The White House Office of Management and Budget has completed its required regulatory review of a reworked rule to regulate investment advice to workers and retirees.
No details are available on any changes to the Department of Labor investment advice rule, which replaces the unpopular fiduciary rule published by the Obama administration. The next step is for the DOL to publish the rule.
However, it might be too late for the rule to survive. Any rules published in the final 60 days of an administration, known as "midnight regulations," can be rescinded by the incoming administration.
While President-elect Joe Biden and his team are likely to have much higher priorities, the Democratic platform released over the summer vowed to reverse Trump administration rules on investment advice.
Former Fiduciary Rule
Known as the "DOL fiduciary rule" when proposed by former President Barack Obama's DOL, an appeals court tossed out the rule in 2018. But parts of the rule had already taken effect, which left the financial services industry in a limbo of sorts.
The Labor Department was expected to complete the new rule in late 2019. Those plans went awry when former DOL Secretary Alexander Acosta resigned. Secretary Eugene Scalia was confirmed in September 2019 and reportedly was involved in developing the new rules.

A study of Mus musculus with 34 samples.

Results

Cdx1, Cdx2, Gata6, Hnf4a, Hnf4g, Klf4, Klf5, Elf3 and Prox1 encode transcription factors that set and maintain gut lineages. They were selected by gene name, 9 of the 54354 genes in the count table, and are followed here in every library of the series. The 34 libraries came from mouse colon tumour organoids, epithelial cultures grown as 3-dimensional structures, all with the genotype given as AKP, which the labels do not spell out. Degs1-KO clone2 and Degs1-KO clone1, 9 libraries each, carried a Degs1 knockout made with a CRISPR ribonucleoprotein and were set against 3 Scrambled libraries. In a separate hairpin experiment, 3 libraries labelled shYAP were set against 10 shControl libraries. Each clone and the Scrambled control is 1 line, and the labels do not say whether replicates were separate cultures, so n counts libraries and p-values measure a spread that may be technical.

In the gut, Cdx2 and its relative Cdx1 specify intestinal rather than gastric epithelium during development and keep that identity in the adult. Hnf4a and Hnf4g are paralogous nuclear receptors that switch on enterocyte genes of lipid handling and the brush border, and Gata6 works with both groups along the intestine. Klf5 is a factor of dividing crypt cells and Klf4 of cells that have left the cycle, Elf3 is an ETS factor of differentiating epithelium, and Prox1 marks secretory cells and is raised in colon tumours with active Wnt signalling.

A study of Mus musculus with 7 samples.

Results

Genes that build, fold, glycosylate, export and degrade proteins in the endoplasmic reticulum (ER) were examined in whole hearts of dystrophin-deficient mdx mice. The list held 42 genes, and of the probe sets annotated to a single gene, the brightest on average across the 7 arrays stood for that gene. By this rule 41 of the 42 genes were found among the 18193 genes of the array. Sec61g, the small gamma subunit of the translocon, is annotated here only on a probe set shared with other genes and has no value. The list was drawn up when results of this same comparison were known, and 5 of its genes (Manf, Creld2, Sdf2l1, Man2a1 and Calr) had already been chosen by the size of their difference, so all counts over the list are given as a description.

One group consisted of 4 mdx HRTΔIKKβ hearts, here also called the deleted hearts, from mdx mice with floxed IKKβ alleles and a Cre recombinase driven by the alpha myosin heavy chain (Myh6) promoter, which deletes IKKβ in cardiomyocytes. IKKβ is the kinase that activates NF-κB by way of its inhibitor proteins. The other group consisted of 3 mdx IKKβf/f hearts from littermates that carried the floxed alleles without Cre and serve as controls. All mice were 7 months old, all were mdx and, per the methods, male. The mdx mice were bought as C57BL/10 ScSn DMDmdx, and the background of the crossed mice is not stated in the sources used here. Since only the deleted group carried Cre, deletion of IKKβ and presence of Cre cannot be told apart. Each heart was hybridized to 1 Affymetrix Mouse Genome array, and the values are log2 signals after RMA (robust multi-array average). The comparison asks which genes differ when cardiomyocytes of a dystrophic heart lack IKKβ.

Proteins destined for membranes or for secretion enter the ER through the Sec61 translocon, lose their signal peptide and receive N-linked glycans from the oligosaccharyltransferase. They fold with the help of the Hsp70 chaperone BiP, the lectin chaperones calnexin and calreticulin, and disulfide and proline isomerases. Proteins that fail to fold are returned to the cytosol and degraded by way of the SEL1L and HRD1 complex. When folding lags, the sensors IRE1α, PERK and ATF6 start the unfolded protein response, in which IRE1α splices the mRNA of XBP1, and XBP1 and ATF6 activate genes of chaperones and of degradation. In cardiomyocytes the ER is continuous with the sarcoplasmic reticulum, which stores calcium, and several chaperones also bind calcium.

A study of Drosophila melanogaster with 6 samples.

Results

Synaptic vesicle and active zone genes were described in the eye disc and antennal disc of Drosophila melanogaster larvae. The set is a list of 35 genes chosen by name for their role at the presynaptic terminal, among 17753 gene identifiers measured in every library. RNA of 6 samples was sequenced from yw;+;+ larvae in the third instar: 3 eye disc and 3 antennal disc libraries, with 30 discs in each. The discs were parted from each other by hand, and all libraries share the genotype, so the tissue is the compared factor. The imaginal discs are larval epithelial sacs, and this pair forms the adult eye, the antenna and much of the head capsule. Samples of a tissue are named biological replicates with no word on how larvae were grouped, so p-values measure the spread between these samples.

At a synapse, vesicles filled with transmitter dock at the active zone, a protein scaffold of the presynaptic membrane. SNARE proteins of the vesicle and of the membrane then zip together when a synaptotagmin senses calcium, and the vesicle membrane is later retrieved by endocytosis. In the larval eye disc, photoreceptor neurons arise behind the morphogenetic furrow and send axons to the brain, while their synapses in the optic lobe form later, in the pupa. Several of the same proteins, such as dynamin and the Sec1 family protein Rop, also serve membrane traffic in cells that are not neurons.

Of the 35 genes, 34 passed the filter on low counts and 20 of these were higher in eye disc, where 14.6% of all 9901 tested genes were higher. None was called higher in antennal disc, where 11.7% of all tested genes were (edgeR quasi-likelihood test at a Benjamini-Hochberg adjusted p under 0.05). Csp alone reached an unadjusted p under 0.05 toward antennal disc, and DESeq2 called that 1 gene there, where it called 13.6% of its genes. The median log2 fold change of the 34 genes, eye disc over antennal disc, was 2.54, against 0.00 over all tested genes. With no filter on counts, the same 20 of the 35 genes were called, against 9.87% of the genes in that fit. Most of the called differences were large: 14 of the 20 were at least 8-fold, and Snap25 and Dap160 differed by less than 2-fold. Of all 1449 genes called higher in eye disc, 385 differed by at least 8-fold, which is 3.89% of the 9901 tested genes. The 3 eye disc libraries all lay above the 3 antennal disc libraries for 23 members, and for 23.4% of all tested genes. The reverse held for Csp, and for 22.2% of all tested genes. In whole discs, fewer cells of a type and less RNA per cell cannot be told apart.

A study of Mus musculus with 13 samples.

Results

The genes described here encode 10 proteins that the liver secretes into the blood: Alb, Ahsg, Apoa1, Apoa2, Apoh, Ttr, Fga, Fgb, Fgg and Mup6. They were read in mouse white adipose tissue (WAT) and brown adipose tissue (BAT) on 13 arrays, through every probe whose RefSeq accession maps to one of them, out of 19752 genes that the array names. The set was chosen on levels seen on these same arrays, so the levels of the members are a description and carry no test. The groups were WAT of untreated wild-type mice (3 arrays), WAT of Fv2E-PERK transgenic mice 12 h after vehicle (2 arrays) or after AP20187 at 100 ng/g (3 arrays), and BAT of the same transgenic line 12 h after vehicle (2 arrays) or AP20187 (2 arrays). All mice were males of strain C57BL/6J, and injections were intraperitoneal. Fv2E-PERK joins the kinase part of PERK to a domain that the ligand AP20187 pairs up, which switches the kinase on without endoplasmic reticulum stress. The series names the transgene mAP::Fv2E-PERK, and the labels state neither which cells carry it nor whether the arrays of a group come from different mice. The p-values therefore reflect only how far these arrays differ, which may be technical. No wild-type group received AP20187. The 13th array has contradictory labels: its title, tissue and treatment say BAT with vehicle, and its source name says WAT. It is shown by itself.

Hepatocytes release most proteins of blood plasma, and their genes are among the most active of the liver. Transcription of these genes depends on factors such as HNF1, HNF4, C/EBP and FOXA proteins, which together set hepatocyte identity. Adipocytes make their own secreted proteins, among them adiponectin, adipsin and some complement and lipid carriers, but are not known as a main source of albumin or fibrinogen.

The resulting investment advice rule did not completely satisfy the financial services industry.
The Trump replacement has two main parts: a new exemption allowing advisors to provide conflicted advice for commissions; and a reinstatement of the "five-part test" from 1975 to determine what constitutes investment advice.
Among other things, the guidance reverses the longstanding DOL definition of "regular basis" in the context of providing financial advice, legal analysts have said. In striving to make rules consistent for brokers, agents and advisors, the DOL might have created other problems with just who is considered a fiduciary, analysts added.
Consumer advocates do not like the new rule either, but for different reasons.
Barbara Roper is director of investor protection for the Consumer Federation of America. Roper, who testified in writing and during a public hearing, said the rule allows for conflicted investment advice and gives most rollover recommendations a “regulatory free pass."
In recent comments, Roper said she expects a Biden administration will want to rescind the rule to clarify the definition of fiduciary investment advice and the "problematic" five-part test.
InsuranceNewsNet Senior Editor John Hilton has covered business and other beats in more than 20 years of daily journalism. John may be reached at [email protected]. Follow him on Twitter @INNJohnH.